I have always loved Twitter as a means of finding out what other professionals are doing to engage their pupils, but one day I caught a glimpse of a hashtag that really interested me... #Picademy. I follow quite a few Raspberry Pi enthusiasts so #Picademy seemed to be popping up everywhere! From a small amount of research, I discovered that it was a fantastic two days of CPD for educators who wanted to extend and develop their knowledge of computing and the new curriculum through the use of my new favourite 'toy', the Raspberry Pi.
I completed the application process to join Picademy #8 which included writing a blog post on 'Being a 21st Century Teacher'. I then had a long wait ahead of me to hear whether I would be selected to attend. I regularly headed back to Twitter to discover a whole host of amazing Picademy applicants, including David Saunders and (past Picademy attendee) Cat Lamin. Through my discussions with these two technology gurus, I was starting to get very excited about attending. So I think it's fair to say that I was bouncing off the walls upon receiving my acceptance email. The beautiful thing about Picademy is the community spirit. It's like one big family of incredibly creative people and I'm very happy to finally be a part of it.
So what did I get up to in two days of Picademy-ing... In a very small nutshell, the first day consisted of workshops with various experts, some of which were from the amazing community that I just mentioned! The final day was our own to take what we had learned and turn it into a Raspberry Pi project of our choosing.
|Carrie Anne greeted us as we arrived at Picademy #8|
DAY ONEsonic-pi.net, Sonic Pi is 'audible computing'. Sounds intriguing, huh? A more detailed description is also provided on their website:
Sam Aaron conducted his workshop with us. It's just fantastic to see coding being seen as an art form, and Sam is incredibly passionate about its use! And you can't help but agree with him.
|Sonic Pi's nice and simple user interface|
Sonic Pi is a beautifully simple, but powerful piece of software from a passionate creator. I will definitely be taking this back to school and bringing music alive through our computing curriculum.
Every child's favourite video game character hasn't gone unnoticed by the Raspberry Pi. A version has been ported to the Pi, and while it isn't the 'full-fat' PC version, you have the wonderful opportunity to hack it to pieces! Martin O'Hanlon, co-author of 'Adventures in Minecraft' (get it!), showed us how to do just that using the Python programming language.
- Don't Look Down - throwing Steve into the air by finding his current location, then changing the y coordinate value.
- Duplicator - copying the block that Steve is standing on and placing it on top of his head. We did this by identifying the location and type of block beneath his feet, then adding that same block type to the location above his head.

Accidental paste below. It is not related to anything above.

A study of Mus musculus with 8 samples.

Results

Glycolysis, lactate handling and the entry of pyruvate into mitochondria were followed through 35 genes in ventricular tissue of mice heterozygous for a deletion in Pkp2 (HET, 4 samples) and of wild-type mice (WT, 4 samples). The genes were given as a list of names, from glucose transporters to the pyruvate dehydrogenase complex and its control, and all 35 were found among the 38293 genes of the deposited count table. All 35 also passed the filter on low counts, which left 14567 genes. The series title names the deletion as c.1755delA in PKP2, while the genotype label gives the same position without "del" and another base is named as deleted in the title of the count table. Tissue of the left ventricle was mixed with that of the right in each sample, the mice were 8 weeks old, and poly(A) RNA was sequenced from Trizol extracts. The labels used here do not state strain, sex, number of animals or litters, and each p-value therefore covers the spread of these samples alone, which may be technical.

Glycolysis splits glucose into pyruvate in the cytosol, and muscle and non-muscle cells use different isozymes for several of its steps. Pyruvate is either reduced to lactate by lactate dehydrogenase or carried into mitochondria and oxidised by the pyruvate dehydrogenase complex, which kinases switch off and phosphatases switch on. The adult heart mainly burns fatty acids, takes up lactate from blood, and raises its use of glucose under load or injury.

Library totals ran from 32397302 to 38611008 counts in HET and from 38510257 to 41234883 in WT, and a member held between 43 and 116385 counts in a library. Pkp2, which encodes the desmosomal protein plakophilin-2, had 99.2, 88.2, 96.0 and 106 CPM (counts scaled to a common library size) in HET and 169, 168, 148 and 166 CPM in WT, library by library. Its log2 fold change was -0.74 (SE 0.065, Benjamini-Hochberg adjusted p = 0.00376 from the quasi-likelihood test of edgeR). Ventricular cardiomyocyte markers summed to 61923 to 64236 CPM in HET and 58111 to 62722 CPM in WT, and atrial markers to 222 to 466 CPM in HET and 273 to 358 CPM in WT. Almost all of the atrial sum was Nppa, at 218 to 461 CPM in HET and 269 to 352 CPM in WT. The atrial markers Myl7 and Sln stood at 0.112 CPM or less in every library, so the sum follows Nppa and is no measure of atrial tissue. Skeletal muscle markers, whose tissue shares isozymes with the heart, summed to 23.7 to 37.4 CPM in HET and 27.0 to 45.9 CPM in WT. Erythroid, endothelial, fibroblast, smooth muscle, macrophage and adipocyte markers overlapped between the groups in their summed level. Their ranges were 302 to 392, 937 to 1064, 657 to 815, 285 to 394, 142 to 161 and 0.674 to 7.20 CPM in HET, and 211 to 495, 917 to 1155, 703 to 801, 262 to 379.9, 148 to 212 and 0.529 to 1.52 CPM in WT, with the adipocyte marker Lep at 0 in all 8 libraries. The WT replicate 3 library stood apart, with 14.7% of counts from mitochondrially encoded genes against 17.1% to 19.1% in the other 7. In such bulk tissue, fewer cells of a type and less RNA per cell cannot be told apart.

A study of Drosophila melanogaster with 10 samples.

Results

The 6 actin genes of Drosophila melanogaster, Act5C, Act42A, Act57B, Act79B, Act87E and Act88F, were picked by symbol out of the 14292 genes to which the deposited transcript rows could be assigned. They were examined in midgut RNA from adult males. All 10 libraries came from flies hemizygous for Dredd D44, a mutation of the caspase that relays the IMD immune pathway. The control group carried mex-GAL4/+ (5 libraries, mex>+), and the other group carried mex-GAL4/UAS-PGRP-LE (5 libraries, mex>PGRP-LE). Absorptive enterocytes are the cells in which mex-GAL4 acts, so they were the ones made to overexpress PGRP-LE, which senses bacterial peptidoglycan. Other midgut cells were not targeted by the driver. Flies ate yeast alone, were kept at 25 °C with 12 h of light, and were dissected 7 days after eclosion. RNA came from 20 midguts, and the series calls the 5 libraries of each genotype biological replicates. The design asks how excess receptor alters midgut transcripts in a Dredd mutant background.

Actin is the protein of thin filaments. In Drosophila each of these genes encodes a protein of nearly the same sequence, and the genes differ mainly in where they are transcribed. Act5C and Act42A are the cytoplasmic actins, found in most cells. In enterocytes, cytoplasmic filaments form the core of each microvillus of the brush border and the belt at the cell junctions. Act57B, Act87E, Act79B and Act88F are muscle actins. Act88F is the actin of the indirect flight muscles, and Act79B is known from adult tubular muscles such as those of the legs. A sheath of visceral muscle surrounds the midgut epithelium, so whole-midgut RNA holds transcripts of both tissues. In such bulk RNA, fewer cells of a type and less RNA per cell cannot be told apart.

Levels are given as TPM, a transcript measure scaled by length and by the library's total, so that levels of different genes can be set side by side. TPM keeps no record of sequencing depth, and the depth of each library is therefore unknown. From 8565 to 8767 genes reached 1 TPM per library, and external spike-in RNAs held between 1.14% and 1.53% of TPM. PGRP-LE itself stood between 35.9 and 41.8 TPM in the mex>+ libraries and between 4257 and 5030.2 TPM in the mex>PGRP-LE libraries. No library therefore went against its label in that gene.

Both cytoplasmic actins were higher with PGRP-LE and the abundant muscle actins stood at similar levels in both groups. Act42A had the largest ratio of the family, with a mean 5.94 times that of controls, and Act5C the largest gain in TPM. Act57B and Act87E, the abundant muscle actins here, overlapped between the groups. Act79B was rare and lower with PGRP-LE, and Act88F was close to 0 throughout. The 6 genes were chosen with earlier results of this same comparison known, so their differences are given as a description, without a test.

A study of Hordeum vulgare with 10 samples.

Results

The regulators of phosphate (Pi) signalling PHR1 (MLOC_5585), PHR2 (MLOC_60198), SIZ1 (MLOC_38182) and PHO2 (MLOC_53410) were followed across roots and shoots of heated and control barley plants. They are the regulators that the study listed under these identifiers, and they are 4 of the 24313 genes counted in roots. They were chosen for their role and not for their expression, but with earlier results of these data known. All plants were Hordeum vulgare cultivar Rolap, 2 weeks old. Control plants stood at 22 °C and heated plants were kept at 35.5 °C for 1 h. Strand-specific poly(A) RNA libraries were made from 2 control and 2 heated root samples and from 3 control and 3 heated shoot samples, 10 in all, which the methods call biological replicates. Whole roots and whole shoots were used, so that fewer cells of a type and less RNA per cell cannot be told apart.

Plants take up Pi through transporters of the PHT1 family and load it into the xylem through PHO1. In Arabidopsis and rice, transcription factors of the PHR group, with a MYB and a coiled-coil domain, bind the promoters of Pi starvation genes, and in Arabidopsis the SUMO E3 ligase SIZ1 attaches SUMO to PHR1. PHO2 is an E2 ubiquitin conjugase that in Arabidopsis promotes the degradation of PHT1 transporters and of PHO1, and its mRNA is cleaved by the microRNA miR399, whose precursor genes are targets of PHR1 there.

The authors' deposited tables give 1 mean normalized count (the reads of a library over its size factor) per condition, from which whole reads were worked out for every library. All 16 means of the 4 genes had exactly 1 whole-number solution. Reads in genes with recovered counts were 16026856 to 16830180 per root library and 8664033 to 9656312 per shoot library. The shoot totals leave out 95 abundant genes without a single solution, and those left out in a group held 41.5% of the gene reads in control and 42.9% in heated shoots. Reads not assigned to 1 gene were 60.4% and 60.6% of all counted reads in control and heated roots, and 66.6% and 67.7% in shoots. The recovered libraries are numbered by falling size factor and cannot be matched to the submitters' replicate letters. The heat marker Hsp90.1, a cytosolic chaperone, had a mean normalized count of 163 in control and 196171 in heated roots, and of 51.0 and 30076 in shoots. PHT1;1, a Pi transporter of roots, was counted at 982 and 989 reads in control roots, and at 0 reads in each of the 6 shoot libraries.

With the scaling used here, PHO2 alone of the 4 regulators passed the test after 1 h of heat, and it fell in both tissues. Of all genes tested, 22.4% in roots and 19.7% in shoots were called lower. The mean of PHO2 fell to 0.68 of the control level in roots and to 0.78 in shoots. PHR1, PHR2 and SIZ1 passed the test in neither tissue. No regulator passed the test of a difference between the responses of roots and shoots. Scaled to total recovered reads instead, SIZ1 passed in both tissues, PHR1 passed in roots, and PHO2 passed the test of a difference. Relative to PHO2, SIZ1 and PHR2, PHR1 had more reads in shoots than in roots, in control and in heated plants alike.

- Walk on Air - placing blocks beneath Steve's feet so he could 'walk on air' by looping the placement of a diamond block in the location under Steve's feet.
|Rainbow Bridge code|
Three of the first day workshops revolved around physical computing. We learned about the Pibrella, the PiCamera and using the Pi's GPIO pins to attach LEDs. Ben Nuttall had the job of showing us how to setup and use the PiCamera with the Raspberry Pi.
I have already done a little time lapse photography with the Picamera but I am looking forward to doing some more with the children at school. Here is a time lapse video of my school's Summer Fayre last year:
Big Les Pounder walked us through attaching a Pibrella to our Raspberry Pi. This cool little board sits on top of the Pi and consists of a button, three traffic light coloured LEDs and a buzzer for you to interact with. Les also showed us how to add additional components to the Pibrella, like a motor! We basically followed this tutorial on the Raspberry Pi website.
Lastly on day one, Clive Beale showed us how to use python to turn on an LED attached to the Raspberry Pi's GPIO pins. He also had one of the best props I've ever seen for demonstrating this too... I really wanted to take them home!
|Land of the Giants?|
|Look ma, no resistors!|
|Back at the hotel after a looooooong first day!|
As I said at the beginning, day two was generally about being let loose on all the hardware to create an interesting project. Our experts were on hand to impart any relevant knowledge (as well as irrelevant!) to assist us in our quests. At first, I wasn't very sure what I wanted to do. Dave Honess gave a few of us a quick demonstration of Astro Pi, a board that sits on top of the Raspberry Pi and is full of sensors that will soon be making the long journey to the ISS with Major Tim Peake.
|Astro Pi in all its glory|
As exciting as the Astro Pi was, I finally decided to do something with Sonic Pi and Minecraft. I was so impressed with Sam Aaron and Sonic Pi on day one that I felt I had to dig a little deeper with it. With the help of James Robinson, Sam and fellow Picademian, Alex Young, we set about exploring how we could incorporate the use of coded music into the phenomenon that is Minecraft.
|Introducing the Sonic Minecraft Keyboard!|
Unfortunately, we didn't quite get that far! However, we did create a 'keyboard' to test different sample sounds that worked a treat. The completed code can be found here.
At the end of the second day, all attendees had the opportunity to share their projects to the group. When I said that the Picademy community is full of creative people, after watching all the presentations, I was definitely not wrong! I am well and truly honoured to be part of the Raspberry Pi Certified Educators family. Well done, everyone!